After two games about Simon Belmont’s struggles to defeat Dracula, the third main entry in the Castlevania series took a slightly different approach and showed us the story of Trevor Belmont – an ancestor of Simon’s.
Personally, I see this game as the definitive Castlevania experience on the NES. The graphics are really good for it’s time and it has that high-quality 8-bit look that a lot of people love and feel very nostalgic about. As with all Castlevania games, it has a fantastic soundtrack and for me, the best soundtrack of the series’ NES games. Together, the music and scenery can create an amazing atmosphere. Whether it’s horrifying, hellish caves or serene castles surrounded by water, it gets the feeling just right.
In terms of difficulty, it’s definitely still hard, but I feel like this game is much easier than the other two games (and the second one in particular.) The lessened difficulty means that it’s a lot more enjoyable to play. Even if you’re not good enough to actually complete it, you’ll be able to have fun getting far into it.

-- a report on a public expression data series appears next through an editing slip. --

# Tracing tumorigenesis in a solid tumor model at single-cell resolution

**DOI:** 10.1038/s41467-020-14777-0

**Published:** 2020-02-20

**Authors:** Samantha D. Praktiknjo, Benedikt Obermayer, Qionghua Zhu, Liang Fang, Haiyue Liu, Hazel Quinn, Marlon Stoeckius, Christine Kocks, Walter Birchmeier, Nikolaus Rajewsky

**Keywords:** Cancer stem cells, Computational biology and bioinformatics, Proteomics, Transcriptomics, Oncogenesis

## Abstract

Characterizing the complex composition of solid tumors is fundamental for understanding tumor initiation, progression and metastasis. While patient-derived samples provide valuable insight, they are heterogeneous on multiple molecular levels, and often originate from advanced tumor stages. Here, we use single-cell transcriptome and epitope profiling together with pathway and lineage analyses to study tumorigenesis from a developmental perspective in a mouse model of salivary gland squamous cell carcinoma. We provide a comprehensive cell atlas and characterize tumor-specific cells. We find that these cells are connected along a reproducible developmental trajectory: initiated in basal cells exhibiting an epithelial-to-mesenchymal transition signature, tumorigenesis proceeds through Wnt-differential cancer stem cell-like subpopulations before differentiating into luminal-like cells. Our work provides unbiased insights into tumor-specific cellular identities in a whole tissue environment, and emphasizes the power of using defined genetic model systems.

This game also introduces two exciting new elements to the series. First of all, there are branching paths to take, which will lead to different levels. If you really hate one level, you could start again and take a different path so that you don’t have to do it next time. It’s not only different levels you’ll encounter by taking different paths, but also different characters. Excitingly, there are three non-Belmont characters you can meet during the game and they are all playable and very different to Trevor (and Simon.) These characters are Sypha, a woman who uses magic, Grant, a man who can climb and has increased jumping skills and, my personal favourite, Alucard – Dracula’s son who can transform into a bat and fly.
The different characters and branching paths give the game a nice level of replayability and I’m really quite impressed with it on the whole. It feels a lot more comprehensive than a lot of NES games, although it does sadly lack the ability to save your progress – this is where modern releases with save states come in handy.
As with most games of this era, the story doesn’t take too much focus, so you shouldn’t worry about playing it without any foreknowledge. If you’d like to try just one Castlevania NES game, I’d say you should make it this one.